If you have or know a child in elementary school or younger, chances are they might never be involved in a motor vehicle crash in their lives, thanks to technology.
Michael Pina, program manager at the U.S. Department of Transportation, opened his presentation at the 2018 National Safety Congress with this statement.
"The United States is the world leader in the deployment of connected technology," he said. "Pretty much everyone in the world is waiting to see research."
The federal government has provided cities across the country with millions of dollars to study and implement new vehicle features. The National Highway Traffic Safety Administration estimates that connected vehicles have the potential to reduce crashes by 80%.
Connected vehicles communicate with one another, traffic signals or even cell phones in order to reduce crashes and pedestrian accidents. Pina explained how they work in the following three steps:
1. A wireless device in a car sends basic safety messages 10 times per second.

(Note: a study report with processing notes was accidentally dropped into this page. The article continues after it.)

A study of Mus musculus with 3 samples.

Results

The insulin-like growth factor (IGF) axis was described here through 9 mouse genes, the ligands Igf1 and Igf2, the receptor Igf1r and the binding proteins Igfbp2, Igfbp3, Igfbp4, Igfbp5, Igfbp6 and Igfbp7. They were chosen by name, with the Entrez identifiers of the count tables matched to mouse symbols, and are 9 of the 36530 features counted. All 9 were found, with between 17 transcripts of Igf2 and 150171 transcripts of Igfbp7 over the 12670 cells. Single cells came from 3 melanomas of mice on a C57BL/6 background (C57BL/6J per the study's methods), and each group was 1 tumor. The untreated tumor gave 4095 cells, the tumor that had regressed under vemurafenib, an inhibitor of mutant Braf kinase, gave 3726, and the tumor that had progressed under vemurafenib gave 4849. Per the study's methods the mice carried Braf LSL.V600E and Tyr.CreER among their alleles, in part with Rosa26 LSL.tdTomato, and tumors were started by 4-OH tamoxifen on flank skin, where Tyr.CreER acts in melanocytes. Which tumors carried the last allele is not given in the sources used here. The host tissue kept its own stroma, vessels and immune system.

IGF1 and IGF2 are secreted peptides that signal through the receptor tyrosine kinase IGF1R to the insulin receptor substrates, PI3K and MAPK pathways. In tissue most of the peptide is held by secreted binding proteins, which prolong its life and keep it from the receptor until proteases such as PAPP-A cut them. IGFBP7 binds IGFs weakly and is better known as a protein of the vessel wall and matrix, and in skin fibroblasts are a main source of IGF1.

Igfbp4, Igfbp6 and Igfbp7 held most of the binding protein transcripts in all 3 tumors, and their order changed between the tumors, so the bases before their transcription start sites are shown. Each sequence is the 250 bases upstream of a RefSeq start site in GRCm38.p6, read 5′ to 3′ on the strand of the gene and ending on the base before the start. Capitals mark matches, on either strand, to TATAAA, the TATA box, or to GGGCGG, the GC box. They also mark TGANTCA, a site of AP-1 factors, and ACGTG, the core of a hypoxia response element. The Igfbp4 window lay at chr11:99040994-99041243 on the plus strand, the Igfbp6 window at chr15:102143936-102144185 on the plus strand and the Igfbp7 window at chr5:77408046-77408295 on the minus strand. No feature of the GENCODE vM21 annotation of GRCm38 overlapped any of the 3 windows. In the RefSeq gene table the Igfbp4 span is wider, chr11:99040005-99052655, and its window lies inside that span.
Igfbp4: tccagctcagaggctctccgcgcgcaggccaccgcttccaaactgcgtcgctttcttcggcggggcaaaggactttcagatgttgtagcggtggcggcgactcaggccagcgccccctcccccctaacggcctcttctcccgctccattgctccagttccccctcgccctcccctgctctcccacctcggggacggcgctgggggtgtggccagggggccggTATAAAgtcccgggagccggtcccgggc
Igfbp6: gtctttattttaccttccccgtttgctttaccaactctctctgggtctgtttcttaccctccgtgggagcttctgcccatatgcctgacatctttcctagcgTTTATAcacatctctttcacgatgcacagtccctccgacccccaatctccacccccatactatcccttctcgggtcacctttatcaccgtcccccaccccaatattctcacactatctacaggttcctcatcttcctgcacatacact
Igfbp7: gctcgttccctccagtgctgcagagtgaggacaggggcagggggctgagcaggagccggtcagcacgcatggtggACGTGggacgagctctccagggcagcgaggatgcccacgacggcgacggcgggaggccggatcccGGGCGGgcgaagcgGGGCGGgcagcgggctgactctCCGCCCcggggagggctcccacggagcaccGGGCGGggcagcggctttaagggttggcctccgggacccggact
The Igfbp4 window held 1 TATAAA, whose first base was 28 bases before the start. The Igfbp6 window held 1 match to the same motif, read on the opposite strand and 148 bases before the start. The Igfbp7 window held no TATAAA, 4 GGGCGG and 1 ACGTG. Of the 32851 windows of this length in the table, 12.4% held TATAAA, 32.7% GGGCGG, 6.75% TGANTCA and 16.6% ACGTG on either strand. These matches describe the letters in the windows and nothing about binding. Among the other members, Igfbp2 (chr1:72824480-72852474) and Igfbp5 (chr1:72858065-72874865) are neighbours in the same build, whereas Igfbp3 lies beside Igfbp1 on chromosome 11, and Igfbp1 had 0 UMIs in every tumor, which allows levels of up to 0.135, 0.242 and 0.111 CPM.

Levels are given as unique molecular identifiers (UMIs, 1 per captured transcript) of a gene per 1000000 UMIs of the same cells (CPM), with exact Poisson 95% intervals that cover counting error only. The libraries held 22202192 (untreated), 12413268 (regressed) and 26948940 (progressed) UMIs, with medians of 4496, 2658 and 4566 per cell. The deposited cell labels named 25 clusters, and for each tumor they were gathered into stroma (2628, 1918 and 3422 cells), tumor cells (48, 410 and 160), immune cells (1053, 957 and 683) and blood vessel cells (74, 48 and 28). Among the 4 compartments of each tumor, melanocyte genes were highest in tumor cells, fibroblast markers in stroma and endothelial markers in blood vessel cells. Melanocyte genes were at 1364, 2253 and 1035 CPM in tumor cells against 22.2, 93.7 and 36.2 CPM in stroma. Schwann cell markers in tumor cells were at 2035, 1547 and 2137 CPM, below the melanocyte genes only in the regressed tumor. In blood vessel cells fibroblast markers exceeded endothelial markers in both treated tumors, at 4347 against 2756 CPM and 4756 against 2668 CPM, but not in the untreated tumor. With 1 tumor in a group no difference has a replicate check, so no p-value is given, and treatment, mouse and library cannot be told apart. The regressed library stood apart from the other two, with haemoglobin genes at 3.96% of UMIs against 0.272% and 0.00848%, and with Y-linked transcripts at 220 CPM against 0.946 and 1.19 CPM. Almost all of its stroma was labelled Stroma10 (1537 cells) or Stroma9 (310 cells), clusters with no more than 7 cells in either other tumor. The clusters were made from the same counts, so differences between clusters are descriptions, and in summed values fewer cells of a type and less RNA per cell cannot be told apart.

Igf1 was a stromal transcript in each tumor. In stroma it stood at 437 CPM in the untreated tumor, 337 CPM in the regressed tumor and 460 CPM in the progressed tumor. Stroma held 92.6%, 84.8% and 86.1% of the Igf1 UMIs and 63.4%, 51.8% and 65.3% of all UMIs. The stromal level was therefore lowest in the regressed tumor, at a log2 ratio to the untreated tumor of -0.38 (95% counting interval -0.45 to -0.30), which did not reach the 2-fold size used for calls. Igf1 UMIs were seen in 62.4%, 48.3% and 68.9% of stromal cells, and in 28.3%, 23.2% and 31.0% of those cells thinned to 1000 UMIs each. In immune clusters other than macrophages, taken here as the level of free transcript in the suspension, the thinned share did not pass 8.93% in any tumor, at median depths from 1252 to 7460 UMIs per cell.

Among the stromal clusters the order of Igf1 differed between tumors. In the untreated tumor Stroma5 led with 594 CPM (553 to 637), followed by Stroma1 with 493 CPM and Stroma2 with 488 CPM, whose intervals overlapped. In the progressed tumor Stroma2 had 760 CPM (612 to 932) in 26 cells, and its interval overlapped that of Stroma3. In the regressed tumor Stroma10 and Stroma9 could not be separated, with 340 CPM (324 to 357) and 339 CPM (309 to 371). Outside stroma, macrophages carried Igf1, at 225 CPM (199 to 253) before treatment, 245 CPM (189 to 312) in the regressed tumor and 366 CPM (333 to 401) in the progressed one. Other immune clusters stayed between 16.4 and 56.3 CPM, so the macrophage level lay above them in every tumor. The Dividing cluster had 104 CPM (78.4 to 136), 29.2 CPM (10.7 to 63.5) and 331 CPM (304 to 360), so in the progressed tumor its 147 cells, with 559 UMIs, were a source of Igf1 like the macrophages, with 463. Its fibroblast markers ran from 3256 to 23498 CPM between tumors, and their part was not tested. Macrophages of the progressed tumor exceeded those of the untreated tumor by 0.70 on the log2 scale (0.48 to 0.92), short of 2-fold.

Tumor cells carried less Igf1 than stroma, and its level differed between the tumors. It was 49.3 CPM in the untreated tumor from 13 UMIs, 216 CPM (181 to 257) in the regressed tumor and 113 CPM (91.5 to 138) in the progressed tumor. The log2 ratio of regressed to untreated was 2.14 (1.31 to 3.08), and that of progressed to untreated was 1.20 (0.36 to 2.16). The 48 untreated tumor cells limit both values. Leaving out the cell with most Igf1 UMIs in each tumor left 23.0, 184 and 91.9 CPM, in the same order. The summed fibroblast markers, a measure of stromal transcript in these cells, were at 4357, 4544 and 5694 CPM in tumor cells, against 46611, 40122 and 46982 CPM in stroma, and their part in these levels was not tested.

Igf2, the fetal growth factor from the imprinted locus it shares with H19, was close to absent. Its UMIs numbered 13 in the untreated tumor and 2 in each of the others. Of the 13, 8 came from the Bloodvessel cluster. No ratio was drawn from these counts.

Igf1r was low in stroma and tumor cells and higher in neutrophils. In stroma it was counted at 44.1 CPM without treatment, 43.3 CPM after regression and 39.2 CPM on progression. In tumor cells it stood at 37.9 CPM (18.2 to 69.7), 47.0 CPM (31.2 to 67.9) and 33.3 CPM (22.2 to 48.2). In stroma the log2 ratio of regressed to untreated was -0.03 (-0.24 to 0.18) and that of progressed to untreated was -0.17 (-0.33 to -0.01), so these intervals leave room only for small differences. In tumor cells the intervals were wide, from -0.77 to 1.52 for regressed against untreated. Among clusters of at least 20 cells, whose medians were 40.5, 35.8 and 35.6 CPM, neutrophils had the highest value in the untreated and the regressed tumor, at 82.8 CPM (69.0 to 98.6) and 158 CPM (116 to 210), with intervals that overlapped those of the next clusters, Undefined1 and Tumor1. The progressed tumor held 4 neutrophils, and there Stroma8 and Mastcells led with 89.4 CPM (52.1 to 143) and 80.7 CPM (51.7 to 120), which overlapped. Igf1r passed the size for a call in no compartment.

2. Other nearby cars and roadside equipment receive the messages.
3. Drivers get a warning of a potential crash.
There currently are 40 different connected vehicle deployments in the works across the country, from rural areas in Wyoming to busy city meccas such as New York City.
Some features that are being tested or will become standard in the next few years include:
- Intersection Movement Assist
- Red Light Violation Warning
- Curve Speed Warning
- Work Zone Warning
- Transit Bus Stop Pedestrian Warning
- Mobile Accessible Pedestrian Signal System
- Pedestrian in Signalized Crosswalk
"Those receiving federal funds are expected to use the same standards to make sure there is consistency," Pina explained. "You don't want a car that works in one part of the country but not another."